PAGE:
Ideas, Stories, and Profiles

I really LMAO last weekend when I read Amavubi coach Johnny McKinstry’s comments in The New Times, regarding the Tuesday return-leg against Libya.

According to sports reporter Peter Kamasa, McKinstry claimed “Libya will not find it easy in Kigali playing at an altitude in Kigali and synthetic field; therefore, if we play at a high intensity, we know we will turn around the result.”

He added: “Libya will try to play a defensive game but we have to go for the goal and play at our full potential. I am confident we will progress to the group stages.”

I did find his comments very ludicrous; I believe Amavubi fans deserved a much better reason to trust their team.

And you believed him? 😆 "Libya will not find it easy […] playing at an altitude in Kigali and synthetic field" 😅

— Rwabigwi (@Rwabigwi) November 15, 2015

I have always said to my friends that I am no fan of Amavubi because I do not see any reason why I should invest my time and energy behind a team that hasn’t performed well in years. Or, to say the least, I point out to the fact that there seems to be no clear plan to invest the future of the national team – for anyone to believe things will get well anytime soon.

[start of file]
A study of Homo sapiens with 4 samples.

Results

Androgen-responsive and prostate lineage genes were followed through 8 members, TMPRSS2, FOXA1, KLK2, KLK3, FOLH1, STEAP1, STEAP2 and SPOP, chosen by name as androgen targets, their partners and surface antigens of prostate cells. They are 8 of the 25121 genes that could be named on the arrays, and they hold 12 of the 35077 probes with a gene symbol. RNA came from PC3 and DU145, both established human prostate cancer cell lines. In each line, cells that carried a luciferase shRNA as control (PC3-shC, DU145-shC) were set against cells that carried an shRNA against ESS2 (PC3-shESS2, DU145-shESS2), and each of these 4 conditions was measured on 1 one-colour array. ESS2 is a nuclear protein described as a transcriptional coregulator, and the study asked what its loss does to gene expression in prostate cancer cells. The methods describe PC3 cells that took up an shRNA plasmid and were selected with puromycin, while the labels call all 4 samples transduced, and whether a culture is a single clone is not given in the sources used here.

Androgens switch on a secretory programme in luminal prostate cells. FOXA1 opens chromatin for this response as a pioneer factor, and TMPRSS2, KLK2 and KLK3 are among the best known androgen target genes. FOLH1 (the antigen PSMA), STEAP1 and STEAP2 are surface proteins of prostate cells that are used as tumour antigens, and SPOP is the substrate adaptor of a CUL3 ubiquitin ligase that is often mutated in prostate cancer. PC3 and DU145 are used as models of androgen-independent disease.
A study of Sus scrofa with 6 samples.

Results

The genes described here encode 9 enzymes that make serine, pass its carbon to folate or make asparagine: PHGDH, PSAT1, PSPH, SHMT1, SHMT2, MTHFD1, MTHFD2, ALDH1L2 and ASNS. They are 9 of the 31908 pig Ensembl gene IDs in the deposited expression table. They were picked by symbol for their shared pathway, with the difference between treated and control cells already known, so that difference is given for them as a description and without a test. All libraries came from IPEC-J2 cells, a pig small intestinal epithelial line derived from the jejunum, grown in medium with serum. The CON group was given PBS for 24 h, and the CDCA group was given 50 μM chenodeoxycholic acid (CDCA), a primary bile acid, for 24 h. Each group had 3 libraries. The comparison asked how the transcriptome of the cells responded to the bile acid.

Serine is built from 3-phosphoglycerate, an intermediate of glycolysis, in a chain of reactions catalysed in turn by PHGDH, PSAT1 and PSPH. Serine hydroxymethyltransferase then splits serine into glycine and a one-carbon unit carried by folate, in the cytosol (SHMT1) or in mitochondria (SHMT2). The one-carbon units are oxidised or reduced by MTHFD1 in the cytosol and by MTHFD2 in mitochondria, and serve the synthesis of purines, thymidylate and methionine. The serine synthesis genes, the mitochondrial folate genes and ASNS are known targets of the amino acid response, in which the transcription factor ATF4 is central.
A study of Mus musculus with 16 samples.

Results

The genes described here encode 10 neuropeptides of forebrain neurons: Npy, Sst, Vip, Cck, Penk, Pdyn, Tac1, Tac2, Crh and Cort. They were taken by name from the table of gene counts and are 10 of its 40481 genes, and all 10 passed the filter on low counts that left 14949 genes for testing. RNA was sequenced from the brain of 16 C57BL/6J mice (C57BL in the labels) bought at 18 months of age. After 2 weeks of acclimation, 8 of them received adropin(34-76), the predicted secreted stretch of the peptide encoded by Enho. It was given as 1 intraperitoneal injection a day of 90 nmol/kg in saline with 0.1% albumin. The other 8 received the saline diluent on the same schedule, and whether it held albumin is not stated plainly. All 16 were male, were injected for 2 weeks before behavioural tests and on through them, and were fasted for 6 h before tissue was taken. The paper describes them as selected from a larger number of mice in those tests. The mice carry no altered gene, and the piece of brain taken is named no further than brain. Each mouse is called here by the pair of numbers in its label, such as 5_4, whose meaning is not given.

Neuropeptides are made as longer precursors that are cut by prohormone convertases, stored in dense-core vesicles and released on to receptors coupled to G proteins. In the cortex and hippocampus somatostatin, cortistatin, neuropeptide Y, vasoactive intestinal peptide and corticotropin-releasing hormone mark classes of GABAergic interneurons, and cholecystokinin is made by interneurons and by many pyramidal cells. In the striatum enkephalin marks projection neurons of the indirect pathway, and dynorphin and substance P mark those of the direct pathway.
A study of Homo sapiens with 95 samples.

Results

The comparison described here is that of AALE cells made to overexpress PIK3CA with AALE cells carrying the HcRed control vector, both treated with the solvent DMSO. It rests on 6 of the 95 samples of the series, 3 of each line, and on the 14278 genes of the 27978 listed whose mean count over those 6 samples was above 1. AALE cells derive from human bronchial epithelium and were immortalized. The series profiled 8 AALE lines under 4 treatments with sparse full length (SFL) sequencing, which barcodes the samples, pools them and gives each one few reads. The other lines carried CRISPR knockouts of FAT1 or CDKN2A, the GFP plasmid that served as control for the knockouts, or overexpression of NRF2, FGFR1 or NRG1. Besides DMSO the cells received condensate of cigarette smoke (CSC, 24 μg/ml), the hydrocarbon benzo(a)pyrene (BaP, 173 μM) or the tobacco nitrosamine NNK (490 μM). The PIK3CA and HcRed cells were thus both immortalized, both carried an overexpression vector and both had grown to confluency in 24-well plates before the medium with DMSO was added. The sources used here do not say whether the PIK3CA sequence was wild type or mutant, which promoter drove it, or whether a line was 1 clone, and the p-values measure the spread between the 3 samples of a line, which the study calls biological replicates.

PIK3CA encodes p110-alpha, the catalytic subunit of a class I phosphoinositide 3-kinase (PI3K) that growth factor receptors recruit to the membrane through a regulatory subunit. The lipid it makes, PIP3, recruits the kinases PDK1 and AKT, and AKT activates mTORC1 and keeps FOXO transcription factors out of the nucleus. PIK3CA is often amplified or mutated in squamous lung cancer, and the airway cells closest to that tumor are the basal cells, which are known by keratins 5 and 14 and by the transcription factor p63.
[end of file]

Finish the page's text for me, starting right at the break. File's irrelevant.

Last time I spoke to a sports know-it-all, he mentioned a number of alarming issues that have happened in the field of football, including the academy.

Full Time: #Rwanda 1 – 3 #Libya Agg: 1- 4! Rwanda's journey in #WCQ2018 has come to the end. What's next? We need yr answer plz @FERWAFA

— Richard Kwizera (@Muzungu4) November 17, 2015

I wasn’t surprised to hear Libya has beaten Amavubi on Tuesday. In fact, I get surprised whenever I hear fans complain – as if defeat was, really, the ultimate problem that Amavubi is. And worse, to see the coach simply blame it on “individual errors.”

I was a big fan of Amavubi – trust me – until I realise we haven’t done a thing since Jimmy Gateta and Olivier Karekezi. If “patriotism” is about getting behind mediocrity, then I am out.

Amavubi is an outcome of bad sport policy and unaccountability.

— Nelson Gashagaza (@NelsonGashagaza) November 17, 2015

Results from “bad sports policy?” I leave this to you.

Have something to say about this piece? Share it in the comments.

You’ve successfully subscribed to The Kigalian
Welcome back! You’ve successfully signed in.
Great! You’ve successfully signed up.
Your link has expired
Success! Check your email for magic link to sign-in.